The rascasse is certainly not very well known, I’ve learned, at least among English-speaking friends and particularly among those who don’t live in France. But it’s one of my favourite fish. (To eat, that is; not as a pet.)
Through the services of the vast research bureau employed by Radio Free Daglan (okay, it’s Google), I’ve learned that the rascasse is often known in English as the scorpion fish — apparently because of the stinging barbs on its back. Evidently it should not be handled with bare hands, but only by fishermen and fish cleaners wearing rubber gloves.
However, once the rascasse has been dispatched, and its scales and bones and so on are removed, it’s a delicious firm-fleshed fish, which is considered an essential part of the fabulous soup from the south of France, bouillabaisse.
Now be prepared for a bit of a shock, because I am about to show you an unadulterated photo of the fish (cleverly removed from someplace on the Internet that I can’t remember), and you’ll see that it’s not the most attractive of creatures:
Remember that I warned you: it’s pretty bizarre-looking, sort of like a red mullet trying out for a role in a horror movie.
In any case, it’s not often found in the fish department of the supermarket where we shop, but when we’re lucky, my wife Jan can buy rascasse fillets from the travelling fish van that visits the Daglan area each Wednesday. Then she simply pan fries the fillets, as the centrepiece of a lovely lunch.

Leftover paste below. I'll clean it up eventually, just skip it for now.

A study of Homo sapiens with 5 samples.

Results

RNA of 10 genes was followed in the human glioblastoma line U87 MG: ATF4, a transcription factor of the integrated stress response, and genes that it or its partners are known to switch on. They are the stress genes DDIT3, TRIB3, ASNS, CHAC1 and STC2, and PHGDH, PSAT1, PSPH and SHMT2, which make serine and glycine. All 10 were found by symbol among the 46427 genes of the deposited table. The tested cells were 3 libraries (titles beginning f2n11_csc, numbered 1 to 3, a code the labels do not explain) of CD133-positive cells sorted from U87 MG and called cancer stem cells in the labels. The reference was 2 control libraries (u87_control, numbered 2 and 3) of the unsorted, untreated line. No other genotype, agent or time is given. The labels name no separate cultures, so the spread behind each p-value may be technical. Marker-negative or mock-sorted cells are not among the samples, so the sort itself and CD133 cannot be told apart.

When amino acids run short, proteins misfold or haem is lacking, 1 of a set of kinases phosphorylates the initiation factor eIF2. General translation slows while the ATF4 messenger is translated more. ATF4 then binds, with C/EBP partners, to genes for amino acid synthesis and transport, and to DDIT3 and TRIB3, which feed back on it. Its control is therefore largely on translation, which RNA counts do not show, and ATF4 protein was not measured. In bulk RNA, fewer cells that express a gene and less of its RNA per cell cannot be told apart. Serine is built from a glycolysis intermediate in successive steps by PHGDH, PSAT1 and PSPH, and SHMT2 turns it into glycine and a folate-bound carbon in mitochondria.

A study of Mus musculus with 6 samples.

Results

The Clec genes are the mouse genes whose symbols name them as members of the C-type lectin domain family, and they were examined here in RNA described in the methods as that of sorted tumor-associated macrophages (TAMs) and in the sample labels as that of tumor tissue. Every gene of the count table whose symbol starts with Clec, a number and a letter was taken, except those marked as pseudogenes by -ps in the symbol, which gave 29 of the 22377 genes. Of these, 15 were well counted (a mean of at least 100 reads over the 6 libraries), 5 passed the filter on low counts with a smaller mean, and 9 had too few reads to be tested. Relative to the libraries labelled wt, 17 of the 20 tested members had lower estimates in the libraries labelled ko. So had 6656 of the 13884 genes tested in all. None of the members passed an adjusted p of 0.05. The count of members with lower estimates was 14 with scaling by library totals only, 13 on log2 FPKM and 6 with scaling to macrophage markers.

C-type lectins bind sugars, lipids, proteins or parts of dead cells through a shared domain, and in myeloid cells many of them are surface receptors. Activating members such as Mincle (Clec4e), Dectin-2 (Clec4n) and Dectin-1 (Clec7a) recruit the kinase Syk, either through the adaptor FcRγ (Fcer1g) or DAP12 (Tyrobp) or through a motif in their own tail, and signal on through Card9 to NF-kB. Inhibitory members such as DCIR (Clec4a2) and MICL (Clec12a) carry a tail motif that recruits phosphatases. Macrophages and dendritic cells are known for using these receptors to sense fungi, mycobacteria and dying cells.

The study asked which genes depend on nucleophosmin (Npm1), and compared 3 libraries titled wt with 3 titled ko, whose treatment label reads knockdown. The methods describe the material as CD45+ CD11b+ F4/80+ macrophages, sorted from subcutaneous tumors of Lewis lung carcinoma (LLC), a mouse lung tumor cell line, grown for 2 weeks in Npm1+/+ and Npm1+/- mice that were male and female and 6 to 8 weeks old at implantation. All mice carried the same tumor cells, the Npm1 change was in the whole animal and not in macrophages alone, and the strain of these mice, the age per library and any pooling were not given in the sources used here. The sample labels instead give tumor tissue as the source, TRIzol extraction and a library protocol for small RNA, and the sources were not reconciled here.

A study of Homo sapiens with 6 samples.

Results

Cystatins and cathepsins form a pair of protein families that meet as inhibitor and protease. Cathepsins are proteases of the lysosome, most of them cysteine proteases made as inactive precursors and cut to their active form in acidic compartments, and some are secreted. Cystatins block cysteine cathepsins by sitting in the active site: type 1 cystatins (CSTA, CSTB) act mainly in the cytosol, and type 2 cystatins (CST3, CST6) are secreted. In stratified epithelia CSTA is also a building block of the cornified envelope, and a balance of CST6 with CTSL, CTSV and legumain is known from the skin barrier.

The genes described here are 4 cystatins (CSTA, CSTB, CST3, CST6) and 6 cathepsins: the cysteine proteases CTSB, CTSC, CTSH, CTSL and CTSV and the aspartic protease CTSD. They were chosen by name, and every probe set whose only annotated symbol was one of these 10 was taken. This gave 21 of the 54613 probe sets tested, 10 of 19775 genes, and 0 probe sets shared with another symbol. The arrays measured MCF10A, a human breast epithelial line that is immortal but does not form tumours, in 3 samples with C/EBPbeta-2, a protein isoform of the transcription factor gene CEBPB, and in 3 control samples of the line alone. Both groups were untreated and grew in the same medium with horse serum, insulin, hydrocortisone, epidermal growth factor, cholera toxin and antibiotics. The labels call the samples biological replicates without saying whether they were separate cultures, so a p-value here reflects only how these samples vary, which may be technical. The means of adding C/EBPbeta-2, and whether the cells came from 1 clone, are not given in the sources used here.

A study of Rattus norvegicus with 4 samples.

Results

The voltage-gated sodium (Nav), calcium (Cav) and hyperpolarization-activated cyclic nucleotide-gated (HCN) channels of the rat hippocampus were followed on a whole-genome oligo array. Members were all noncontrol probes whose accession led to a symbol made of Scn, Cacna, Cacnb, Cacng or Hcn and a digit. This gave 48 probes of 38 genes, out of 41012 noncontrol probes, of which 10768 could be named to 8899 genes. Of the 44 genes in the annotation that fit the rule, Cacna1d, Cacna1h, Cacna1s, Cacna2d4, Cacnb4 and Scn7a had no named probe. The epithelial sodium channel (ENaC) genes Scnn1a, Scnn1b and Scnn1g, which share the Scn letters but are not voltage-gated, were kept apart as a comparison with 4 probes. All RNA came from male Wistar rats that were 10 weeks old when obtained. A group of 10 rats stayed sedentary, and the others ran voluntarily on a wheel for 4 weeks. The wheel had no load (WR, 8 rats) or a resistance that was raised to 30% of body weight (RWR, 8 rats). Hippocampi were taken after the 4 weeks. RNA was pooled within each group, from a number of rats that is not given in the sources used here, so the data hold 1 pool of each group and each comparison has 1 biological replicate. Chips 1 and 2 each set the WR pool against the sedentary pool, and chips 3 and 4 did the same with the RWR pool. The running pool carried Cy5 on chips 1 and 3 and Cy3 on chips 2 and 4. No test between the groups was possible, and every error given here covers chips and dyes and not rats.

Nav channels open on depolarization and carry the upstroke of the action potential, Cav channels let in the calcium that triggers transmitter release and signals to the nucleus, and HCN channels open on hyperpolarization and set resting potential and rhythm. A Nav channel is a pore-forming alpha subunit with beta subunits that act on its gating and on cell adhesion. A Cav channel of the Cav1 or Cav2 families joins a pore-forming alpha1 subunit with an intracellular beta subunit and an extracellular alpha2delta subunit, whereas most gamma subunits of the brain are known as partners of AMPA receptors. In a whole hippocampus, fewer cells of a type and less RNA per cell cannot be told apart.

I wrote about rascasse as long ago as April 25, 2013, including this:
I had always thought that rascasse was “a bony rockfish,” as one source put it, because I knew that red rascasse was a traditional ingredient in bouillabaisse. But the rascasse fillets we buy are bone-free, reasonably large (one per person is fine), and absolutely delicious. Typically, Jan just coats them lightly in gluten-free cracker crumbs and then sautés them in butter.
And now a regular source of rascasse can be found in one of our favourite go-to restaurants, Sawadee, in nearby Cénac.
I believe this happy development occurred because a curry de rascasse was one of the dishes served as part of the season-ending special menu late last year. (I wrote about the whole meal in a posting of November 25, 2018.) And now the dish has been added to Sawadee’s regular menu.
At the Thai restaurant, fillets of rascasse are served with a wide variety of fresh vegetables in a mild coconut-milk-laced curry, and it’s quite a wonderful dish. Here’s a sample:
Each time I’ve had the dish at Sawadee, it’s served a little bit differently (in the photo above, those are thin slices of raw cabbage at either end of the plate). But always, it’s excellent. So if you get the chance to try it, don’t pass on rascasse.